The Tabula Peutingeriana (4th c. AD), also referred to as the Peutinger Table, is an illustrated itinerarium (ancient Roman road map) showing the layout of the cursus publicus, the road network of the Roman Empire.
The Tabula is thought to be a distant descendant of the map prepared under the direction of M. Vipsanius Agrippa, a Roman general, architect, and friend of emperor Augustus. After Agrippa’s death in 12 BC, that map was engraved in marble and put on display in the Porticus Vipsania in the Campus Agrippae area in Rome, close to the Ara Pacis building.
The Tabula Peutingeriana is thought to be the only known surviving map of the Roman cursus publicus, the state-run road network. The surviving map itself was created by a monk in Colmar in eastern France in 1265. It is a parchment scroll, 0.34 metres (1 foot 1 inch) high and 6.75 metres (22.1 feet) long, assembled from eleven sections, a medieval reproduction of the original scroll.
It is a very schematic map, designed to give a practical overview of the road network, as opposed to an accurate representation of geographic features: the land masses shown are distorted, especially in the east-west direction. The map shows many Roman settlements and the roads connecting them, as well as other features such as rivers, mountains, forests and seas. The distances between settlements are also given. In total no fewer than 555 cities and 3,500 other place names are shown on the map. The three most important cities of the Roman Empire at the time – Rome, Constantinople and Antioch – are represented with special iconic decoration.
Besides the totality of the empire, the map also shows areas in the Near East, India and the Ganges, Sri Lanka (Insula Taprobane), and even an indication of China. It even shows a “Temple to Augustus” at Muziris on the modern-day Malabar Coast, one of the main ports for trade with the Roman Empire on the southwest coast of India.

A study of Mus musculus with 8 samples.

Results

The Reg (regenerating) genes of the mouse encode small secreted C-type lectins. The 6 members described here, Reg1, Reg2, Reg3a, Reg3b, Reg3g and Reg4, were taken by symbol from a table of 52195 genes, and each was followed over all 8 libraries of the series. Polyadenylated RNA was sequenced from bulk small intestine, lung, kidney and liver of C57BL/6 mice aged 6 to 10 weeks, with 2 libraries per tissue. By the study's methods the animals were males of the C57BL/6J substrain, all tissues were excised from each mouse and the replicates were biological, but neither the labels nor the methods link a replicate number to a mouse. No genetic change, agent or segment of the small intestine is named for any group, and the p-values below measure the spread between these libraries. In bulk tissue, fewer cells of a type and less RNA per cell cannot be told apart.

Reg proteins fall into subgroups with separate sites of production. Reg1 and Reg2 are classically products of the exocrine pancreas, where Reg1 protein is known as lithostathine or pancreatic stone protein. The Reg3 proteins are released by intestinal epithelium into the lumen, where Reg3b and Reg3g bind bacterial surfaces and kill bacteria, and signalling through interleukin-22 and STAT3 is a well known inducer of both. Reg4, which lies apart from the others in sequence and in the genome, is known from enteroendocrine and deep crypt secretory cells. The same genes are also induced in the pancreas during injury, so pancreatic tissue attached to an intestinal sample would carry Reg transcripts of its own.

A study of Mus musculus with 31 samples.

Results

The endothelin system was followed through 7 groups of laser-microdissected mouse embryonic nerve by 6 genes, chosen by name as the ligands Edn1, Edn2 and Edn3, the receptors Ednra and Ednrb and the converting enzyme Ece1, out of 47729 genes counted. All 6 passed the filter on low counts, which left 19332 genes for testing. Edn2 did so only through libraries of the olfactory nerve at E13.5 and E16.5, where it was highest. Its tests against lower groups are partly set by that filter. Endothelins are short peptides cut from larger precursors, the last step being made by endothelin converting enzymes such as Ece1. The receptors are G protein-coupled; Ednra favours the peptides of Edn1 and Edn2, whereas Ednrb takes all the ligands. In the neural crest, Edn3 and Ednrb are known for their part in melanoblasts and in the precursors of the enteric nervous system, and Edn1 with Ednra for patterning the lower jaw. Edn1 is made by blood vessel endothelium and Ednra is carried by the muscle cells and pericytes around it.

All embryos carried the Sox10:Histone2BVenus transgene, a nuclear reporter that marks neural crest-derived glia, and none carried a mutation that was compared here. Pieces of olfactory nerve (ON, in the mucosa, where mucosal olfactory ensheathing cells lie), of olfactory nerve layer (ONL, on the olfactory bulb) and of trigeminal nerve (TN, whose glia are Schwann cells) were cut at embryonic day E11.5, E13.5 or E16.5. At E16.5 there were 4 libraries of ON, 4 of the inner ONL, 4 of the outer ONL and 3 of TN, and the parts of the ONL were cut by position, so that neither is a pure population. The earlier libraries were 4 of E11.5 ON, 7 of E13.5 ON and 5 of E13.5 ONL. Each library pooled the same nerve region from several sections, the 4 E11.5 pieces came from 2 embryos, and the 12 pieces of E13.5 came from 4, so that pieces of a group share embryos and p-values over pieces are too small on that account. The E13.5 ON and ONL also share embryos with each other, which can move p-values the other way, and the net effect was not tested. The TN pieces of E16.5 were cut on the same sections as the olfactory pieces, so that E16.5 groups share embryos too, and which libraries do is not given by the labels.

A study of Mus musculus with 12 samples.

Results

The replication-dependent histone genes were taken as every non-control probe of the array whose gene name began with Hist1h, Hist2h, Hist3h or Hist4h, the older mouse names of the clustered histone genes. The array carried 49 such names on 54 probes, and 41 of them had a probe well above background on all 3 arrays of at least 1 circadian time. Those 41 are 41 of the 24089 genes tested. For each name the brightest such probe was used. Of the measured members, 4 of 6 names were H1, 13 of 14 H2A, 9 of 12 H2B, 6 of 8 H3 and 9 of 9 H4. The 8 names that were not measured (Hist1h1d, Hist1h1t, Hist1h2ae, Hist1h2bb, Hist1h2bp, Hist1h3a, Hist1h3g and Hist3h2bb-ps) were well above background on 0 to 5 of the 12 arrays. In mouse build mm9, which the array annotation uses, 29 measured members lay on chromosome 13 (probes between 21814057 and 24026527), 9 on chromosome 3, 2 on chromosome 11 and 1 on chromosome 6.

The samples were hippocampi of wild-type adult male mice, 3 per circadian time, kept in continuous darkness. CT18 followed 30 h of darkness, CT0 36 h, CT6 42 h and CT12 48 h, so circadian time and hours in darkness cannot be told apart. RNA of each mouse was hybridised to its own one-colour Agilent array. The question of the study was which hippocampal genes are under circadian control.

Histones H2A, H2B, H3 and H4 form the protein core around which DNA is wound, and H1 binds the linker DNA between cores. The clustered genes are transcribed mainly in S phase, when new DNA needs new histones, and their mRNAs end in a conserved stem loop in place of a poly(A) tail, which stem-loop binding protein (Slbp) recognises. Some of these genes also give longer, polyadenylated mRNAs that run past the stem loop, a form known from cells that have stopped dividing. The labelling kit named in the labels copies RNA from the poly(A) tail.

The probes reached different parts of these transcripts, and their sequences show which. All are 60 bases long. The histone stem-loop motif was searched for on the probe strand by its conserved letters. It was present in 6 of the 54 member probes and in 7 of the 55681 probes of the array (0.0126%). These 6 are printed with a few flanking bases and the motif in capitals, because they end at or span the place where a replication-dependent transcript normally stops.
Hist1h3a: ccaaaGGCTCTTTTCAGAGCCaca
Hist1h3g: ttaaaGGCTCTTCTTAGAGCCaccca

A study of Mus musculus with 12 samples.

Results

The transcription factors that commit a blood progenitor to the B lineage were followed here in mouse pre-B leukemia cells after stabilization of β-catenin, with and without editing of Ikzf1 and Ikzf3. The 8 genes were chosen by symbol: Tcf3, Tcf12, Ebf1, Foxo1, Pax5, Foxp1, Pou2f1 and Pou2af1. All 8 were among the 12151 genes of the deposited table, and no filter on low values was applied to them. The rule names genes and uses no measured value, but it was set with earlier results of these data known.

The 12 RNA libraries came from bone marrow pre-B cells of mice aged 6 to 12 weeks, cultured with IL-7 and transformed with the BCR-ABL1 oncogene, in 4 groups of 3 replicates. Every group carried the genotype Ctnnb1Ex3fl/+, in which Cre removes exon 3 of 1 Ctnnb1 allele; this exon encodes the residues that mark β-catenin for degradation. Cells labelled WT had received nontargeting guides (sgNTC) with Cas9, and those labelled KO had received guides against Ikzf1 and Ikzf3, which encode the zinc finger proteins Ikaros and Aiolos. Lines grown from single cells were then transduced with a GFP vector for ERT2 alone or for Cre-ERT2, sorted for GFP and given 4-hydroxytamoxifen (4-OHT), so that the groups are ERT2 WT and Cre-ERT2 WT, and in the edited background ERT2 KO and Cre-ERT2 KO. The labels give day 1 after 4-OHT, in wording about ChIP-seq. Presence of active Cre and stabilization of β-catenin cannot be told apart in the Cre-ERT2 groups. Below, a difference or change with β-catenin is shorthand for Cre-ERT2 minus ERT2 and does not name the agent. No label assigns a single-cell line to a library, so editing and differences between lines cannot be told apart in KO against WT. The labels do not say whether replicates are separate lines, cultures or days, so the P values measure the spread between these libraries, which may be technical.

On the western end of the scroll, the absence of Morocco, the Iberian Peninsula, and the British Isles indicates that a twelfth original section has been lost in the surviving copy; the missing section was reconstructed in 1898 by Konrad Miller.
The map appears to be based on “itineraries”, lists of destinations along Roman roads, as the distances between points along the routes are indicated. Travelers would not have possessed anything so sophisticated as a modern map, but they needed to know what lay ahead of them on the road and how far. The Peutinger Table represents these roads as a series of stepped lines along which destinations have been marked in order of travel. The shape of the parchment pages accounts for the conventional rectangular layout. However, a rough similarity to the coordinates of Ptolemy’s earth-mapping gives some writers hope that some terrestrial representation was intended by the unknown original compilers.
The stages and cities are represented by hundreds of functional place symbols, used with discrimination from the simplest icon of a building with two towers to the elaborate individualized “portraits” of the three great cities.